The Power of Play:
Using Play to Increase our Creativity and Engage our Learners
ABOUT THE PROGRAM
“To create the space for imagination, dreaming and insight, it is your solemn duty to master the discipline of playing.”
-Dr. Keith Sawyer
Join us for a fun, engaging and enlightening day of play, creativity and learning. Discover how play can make us more creative and innovative, how it positively impacts the learning experience, and how we can effectively use it with our learners.
We will spend the first half of our day at District Hall, Boston’s innovation hub, exploring the power of play on our creative capacity, as practitioners and for our learners. We will learn from Dr. Marina Umaschi Bers, Author and Professor at Tufts University, who will share her research on the design and study of innovative learning technologies to promote children’s positive development. She will share ideas from her book Coding as a Playground, where she explores coding for children as a developmental playground, and will present examples from the two learning environments she has created, the ScratchJr programming language and the KIBO robotics kit.
We will spend the second part of our day at the Boston Children’s Museum where we will see creative play in action, take a guided tour of some of the museum’s exhibits to explore how they create and facilitate play spaces and learn from members of their education team about effectively incorporating play into our learning experiences.
8:45 – 9:05 Arrival and Breakfast
9:05 – 10:20 Getting Creative with Play
10:20 – 10:30 Break
10:30 – 12:00 Keynote: Dr. Marina Bers
12:00 – 12:45 Lunch
12:45 – 1:00 Walk to Museum
1:00 – 3:00 Program at Boston Children’s Museum
There is no fee for this event thanks to the generous support of our partner Combined Jewish Philanthropies.
Contact Jody for more information about travel subsidies for those traveling to Boston.
MEET YOUR FACILITATORS
Marina Umaschi Bers is chair and professor at the Eliot-Pearson Department of Child Study and Human Development and an adjunct professor in the Computer Science Department at Tufts University, where she heads the interdisciplinary Developmental Technologies research group. Her research involves the design and study of innovative learning technologies to promote children’s positive development, most specifically in early childhood. She co-designed the ScratchJr programming language with Mitchel Resnick from the MIT Media Lab and she developed the KIBO Robotics Kit for children aged 4 to 7 year old, that can be programmed with wooden blocks without using keyboards or screens.
Micol Zimmerman Burkeman MAJE, is the Director of the Experiential Jewish Education Network where she combines her passions for creating powerful learning experiences and building a supportive network of colleagues that fosters connection and collaboration.
An avid lover of pop culture, Micol uses film, television and other media to bring Jewish text and values to life in a fusion she calls Pop Torah, which she has presented at national and international conferences and for communities around the country.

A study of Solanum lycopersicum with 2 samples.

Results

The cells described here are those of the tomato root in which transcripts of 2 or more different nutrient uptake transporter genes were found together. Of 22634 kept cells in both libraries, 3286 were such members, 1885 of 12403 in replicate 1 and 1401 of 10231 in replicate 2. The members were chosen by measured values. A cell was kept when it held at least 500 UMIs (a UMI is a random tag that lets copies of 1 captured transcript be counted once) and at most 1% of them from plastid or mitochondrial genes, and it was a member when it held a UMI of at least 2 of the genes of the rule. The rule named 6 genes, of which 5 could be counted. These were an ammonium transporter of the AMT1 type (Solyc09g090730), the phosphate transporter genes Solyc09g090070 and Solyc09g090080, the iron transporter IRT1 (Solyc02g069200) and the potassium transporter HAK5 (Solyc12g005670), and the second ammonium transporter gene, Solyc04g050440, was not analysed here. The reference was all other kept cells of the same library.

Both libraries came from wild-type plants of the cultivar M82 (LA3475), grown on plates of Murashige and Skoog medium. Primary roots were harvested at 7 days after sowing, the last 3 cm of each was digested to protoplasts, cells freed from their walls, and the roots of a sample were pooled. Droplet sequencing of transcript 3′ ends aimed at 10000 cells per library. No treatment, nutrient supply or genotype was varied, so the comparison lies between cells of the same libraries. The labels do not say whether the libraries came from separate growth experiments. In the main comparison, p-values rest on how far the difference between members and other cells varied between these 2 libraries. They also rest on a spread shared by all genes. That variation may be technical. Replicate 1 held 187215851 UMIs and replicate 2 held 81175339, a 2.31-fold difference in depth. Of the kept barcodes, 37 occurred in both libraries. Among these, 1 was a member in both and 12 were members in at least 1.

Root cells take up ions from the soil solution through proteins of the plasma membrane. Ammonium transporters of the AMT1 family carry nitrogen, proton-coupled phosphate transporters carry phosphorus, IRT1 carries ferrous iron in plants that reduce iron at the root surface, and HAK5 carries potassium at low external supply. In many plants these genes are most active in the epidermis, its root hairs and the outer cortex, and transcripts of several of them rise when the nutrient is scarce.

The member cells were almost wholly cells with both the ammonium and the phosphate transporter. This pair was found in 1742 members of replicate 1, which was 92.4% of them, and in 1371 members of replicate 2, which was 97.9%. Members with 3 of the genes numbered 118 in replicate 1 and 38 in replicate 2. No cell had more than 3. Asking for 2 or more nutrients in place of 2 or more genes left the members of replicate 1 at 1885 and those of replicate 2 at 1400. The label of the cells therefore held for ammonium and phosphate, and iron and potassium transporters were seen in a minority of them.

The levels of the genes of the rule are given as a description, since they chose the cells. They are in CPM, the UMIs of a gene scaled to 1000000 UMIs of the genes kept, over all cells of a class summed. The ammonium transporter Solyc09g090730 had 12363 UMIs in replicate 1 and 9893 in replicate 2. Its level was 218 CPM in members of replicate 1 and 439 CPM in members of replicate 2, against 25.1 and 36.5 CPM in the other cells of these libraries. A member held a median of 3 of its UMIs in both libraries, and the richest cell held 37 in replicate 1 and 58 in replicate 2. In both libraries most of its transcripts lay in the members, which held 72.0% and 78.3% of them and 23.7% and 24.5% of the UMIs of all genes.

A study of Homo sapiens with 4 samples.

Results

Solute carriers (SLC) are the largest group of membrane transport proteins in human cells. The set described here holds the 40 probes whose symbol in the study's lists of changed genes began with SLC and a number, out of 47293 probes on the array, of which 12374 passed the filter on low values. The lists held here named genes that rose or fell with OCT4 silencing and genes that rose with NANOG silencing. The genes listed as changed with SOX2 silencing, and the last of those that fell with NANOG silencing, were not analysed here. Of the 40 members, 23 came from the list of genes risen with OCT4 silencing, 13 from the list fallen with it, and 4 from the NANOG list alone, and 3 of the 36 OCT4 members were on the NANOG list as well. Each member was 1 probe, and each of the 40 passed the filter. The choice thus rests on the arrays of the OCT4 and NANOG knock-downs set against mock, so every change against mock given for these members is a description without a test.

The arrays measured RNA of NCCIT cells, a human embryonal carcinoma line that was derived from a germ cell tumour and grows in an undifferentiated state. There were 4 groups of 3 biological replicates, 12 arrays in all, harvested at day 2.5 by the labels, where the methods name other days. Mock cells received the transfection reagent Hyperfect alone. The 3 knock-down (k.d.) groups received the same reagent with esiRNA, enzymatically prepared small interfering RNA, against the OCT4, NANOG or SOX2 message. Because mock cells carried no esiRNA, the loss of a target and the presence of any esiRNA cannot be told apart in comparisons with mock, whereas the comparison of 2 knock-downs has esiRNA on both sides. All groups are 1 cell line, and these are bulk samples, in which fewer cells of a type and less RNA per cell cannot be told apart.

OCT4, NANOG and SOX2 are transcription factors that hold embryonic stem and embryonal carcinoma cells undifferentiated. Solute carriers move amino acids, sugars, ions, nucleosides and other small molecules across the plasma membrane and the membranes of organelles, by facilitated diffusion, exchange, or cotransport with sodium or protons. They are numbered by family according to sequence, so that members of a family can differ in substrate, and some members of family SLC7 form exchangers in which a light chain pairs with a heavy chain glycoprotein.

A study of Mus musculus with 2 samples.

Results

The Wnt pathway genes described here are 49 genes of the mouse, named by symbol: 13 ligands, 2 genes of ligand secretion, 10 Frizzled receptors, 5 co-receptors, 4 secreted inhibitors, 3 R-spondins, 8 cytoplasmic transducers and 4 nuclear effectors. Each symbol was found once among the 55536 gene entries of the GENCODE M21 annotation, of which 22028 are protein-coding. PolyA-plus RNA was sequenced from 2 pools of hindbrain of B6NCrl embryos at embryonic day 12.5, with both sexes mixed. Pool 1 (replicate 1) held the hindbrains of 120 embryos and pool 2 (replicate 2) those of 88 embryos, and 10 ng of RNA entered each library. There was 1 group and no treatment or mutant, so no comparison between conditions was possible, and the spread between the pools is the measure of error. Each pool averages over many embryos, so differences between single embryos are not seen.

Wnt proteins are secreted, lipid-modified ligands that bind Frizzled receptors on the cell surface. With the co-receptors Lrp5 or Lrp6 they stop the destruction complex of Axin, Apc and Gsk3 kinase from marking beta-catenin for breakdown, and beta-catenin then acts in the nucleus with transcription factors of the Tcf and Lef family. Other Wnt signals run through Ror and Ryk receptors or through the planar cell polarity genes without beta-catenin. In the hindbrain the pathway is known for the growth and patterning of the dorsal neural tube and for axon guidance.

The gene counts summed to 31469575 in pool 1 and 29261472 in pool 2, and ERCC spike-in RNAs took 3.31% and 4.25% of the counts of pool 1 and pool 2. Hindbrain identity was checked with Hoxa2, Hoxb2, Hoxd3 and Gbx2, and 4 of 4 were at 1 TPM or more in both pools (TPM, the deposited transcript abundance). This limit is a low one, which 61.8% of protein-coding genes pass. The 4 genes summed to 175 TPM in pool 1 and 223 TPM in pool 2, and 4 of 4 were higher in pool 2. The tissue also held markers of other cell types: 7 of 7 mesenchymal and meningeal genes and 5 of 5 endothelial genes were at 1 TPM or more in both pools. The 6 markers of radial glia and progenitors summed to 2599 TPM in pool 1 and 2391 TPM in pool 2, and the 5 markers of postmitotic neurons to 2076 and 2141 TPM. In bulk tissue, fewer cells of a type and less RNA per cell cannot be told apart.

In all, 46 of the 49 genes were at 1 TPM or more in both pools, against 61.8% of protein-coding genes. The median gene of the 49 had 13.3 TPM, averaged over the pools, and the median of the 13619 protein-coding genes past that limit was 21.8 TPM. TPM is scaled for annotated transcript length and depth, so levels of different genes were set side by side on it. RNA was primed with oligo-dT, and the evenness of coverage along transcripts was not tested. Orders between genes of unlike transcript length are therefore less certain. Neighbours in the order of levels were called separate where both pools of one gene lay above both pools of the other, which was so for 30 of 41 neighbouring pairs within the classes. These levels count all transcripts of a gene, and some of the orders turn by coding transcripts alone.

Micol received her Masters in Jewish Education from the Rhea Hirsch School of Education at HUC-JIR in Los Angeles and her B.A. in Communication at the University of Southern California. She lives in Natick, MA with her husband, Rabbi Danny Burkeman, and their two children, Gabriella and Benjamin, from whom she learns daily about the importance of play. Micol has been trying to incorporate more play into her life and has recently discovered the ultimate playground for adults in obstacle course races and for which her daughter has kindly offered to train her, mostly in the form of playing on the monkey bars.
Melissa Higgins is the Senior Director, STEAM (science, technology, engineering, art, and math) at Boston Children’s Museum (BCM). Prior to joining BCM, she served as Director of Policy and Strategic Development for Education at WGBH, Boston’s public television station, supporting planning of an funding for new initiatives. She began her career as a member of the Engineering is Elementary program at the Museum of Science, Boston, where she served as director of curriculum development. Higgins helped to shape the project’s flagship in-school curriculum, crafting many of the units’ hands-on design challenges, and spearheaded the development of the Engineering Adventures and Engineering Everywhere programs for afterschool and camp programs. Higgins holds a B.A. in Architectural Studies from Connecticut College and an M.A. in Museum Studies from the Harvard University Extension School.
ABOUT THE BOSTON CHILDREN’S MUSEUM
Boston Children’s Museum is the second oldest, and one of the most influential children’s museums in the world. It was founded in 1913 by the Science Teachers’ Bureau, a group of visionary educators dedicated to providing new resources for both teachers and students, as a center for the exchange of materials and ideas to advance the teaching of science. For over 100 years it has been engaging children in joyful discovery experiences that instill an appreciation of our world, develop foundational skills, and spark a lifelong love of learning. The Museum’s exhibits and programs emphasize hands-on engagement and learning through experience, employing play as a tool to spark the inherent creativity, curiosity, and imagination of children. As one of the largest children’s museums in the world, Boston Children’s Museum also provides museum consulting services and creates award winning traveling exhibits, staff training curriculum, and exhibit kits for Museum professionals.
The EJE Network is proud to partner on this event with Combined Jewish Philanthropies.
We are grateful to District Hall for helping sponsor this event.